Alaska is an unforgiving place. In its bowels are the wilds of poisonous flora and predacious fauna. On its fringe, ice behemoths fracture and are engulfed by the Pacific. But it’s where British expat Chris Gibbs called home for nearly two decades.
“Alaska is a hard place to get along in,” Gibbs admits. “From a photographer’s perspective, there are a bunch of interesting folks living up here. The problem is they just want to be left alone, off the radar, so it’s tough to break the ice.” The subject of Gibbs’ poignant series Dog Musher, Allen Lau, indeed lives off the beaten path—in Butte, a whistle-stop at the bank of the Matanuska River. And it’s there, in a tumbledown shack, that Gibbs spent three years documenting the 58-year-old Lau’s dream to qualify for the Iditarod.
Every spring since 1973, intrepid mushers and their sled dogs embark on the iconic Last Great Race from Anchorage to Nome. Not Lau, who has been mobilising his team one puppy at a time—the progeny of his huskies Alaska and Quigley. “Those dogs are the most important things in his life,” says Gibbs. “I know it sounds strange, but maybe for him, the Iditarod is about showing people how proud he is of his achievements. He is genuinely chuffed to bits with his dogs, like a parent with a newborn child.”
The photographs in Dog Musher are at once heart-warming and heart-breaking. Gibbs captures a grizzled man cradling snow-white puppies in blackened hands. As seasons change, the growing litter clusters near a smoking furnace to melt frost from their fur while veteran sled dogs, tethered to ramshackle houses, laze in the shadowy daybreak after a night run. The rare photographs shot in color reveal the icy blue eyes of both man and dog. “I think black-and-white images get us a little closer to the core of our subjects—they’re stripped down to their basic essence,” Gibbs says nostalgically. “I view life in shades of grey. [In Dog Musher], I have many images that show the crueler side of nature. But whenever [Lau] or I were thinking, ‘I could do without all this right now,’ we would say, ‘It’s all about the dogs…’”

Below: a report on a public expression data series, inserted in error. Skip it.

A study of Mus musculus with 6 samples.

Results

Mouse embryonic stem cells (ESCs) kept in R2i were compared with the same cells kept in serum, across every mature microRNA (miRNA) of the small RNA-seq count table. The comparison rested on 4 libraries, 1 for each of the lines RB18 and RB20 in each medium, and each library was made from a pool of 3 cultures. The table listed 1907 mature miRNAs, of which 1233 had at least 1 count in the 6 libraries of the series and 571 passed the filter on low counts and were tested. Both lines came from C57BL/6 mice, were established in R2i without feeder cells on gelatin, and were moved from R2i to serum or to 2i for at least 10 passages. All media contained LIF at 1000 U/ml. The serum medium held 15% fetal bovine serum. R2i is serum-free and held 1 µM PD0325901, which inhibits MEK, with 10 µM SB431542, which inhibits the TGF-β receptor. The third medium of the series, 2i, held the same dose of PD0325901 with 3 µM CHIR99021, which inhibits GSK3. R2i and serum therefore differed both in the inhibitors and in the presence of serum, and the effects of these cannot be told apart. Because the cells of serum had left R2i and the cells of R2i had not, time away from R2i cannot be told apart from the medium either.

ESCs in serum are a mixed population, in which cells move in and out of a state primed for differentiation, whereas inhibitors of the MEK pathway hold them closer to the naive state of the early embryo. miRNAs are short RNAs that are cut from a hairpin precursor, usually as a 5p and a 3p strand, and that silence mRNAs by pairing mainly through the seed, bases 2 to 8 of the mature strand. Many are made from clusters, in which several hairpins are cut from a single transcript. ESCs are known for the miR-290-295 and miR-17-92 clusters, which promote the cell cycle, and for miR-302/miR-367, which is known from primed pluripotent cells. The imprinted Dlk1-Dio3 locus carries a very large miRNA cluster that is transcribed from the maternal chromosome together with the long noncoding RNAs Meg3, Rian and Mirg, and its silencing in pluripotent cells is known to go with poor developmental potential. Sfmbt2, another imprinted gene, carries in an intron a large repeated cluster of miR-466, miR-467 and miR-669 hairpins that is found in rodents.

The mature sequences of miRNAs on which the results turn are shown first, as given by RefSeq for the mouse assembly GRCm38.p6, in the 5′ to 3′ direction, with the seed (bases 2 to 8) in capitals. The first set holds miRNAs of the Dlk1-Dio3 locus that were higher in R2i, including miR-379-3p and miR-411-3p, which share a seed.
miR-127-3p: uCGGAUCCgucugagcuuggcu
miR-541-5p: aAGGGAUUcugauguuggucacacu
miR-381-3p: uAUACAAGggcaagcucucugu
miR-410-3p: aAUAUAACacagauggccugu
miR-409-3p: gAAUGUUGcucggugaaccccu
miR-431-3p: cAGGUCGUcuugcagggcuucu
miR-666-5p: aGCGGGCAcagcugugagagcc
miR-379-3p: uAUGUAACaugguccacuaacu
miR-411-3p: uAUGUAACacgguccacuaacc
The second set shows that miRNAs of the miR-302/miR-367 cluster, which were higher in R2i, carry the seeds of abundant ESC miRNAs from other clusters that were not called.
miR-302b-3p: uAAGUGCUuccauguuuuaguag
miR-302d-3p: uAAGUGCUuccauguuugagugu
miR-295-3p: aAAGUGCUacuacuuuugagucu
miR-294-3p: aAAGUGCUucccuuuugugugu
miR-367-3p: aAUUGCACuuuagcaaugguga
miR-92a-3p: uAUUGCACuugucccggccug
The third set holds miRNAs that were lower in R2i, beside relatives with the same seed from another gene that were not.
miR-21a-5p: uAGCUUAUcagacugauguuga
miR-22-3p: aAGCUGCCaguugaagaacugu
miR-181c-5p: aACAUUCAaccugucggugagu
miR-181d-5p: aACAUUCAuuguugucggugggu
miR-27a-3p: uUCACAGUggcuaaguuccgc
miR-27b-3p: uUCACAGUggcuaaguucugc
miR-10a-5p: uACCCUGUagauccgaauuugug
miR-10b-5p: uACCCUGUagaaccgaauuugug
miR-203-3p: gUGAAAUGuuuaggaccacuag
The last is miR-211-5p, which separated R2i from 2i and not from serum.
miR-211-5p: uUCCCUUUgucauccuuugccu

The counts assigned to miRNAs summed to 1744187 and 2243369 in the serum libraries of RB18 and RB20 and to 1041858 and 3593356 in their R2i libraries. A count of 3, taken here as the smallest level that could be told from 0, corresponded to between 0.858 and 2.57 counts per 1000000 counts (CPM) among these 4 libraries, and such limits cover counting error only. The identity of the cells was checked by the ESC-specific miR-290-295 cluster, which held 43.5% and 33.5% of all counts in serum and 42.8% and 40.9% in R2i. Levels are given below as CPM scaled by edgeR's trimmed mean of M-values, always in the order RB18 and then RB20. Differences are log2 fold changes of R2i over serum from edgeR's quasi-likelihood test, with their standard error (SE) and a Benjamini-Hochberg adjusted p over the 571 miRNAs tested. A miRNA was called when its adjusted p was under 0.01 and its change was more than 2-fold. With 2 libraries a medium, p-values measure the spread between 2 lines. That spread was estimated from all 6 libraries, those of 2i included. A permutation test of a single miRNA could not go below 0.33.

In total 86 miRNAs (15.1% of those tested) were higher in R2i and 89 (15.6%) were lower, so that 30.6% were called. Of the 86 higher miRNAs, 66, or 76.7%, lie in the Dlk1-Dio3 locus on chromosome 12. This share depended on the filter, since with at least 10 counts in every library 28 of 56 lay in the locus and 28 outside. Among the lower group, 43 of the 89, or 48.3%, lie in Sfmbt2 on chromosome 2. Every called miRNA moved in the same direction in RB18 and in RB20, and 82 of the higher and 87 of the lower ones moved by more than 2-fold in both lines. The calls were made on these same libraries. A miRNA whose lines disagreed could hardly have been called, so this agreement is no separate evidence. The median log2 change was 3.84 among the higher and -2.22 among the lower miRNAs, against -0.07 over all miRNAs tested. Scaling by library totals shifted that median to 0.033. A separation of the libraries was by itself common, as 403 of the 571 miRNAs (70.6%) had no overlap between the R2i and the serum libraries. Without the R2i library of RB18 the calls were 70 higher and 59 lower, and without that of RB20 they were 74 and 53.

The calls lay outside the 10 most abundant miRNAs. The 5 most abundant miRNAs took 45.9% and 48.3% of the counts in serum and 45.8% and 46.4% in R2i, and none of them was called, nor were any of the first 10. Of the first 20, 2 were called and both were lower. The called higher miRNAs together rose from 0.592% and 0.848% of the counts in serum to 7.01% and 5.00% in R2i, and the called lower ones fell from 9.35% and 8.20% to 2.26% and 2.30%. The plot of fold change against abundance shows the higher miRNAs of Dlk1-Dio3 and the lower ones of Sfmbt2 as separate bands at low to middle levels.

The photographer has a newfound regard for the Iditarod, an event that dog lovers outside Alaska have cast aspersions on. “My time in Alaska has taught me that dogs are pack animals. They thrive within their hierarchical structures…no differently than us humans, really.” Gibbs adds, “Writer Robert Byrne once said: ‘The purpose of life is a life of purpose.’ Watch a sled dog in harness—it’s poetry in motion.”
We are thrilled to introduce Dog-Friendly, a collection of city guides for dog-loving people, created together with our long-time contributor, photographer Winnie Au, and fellow enthusiasts, indie publisher Hoxton Mini Press. Available for purchase here.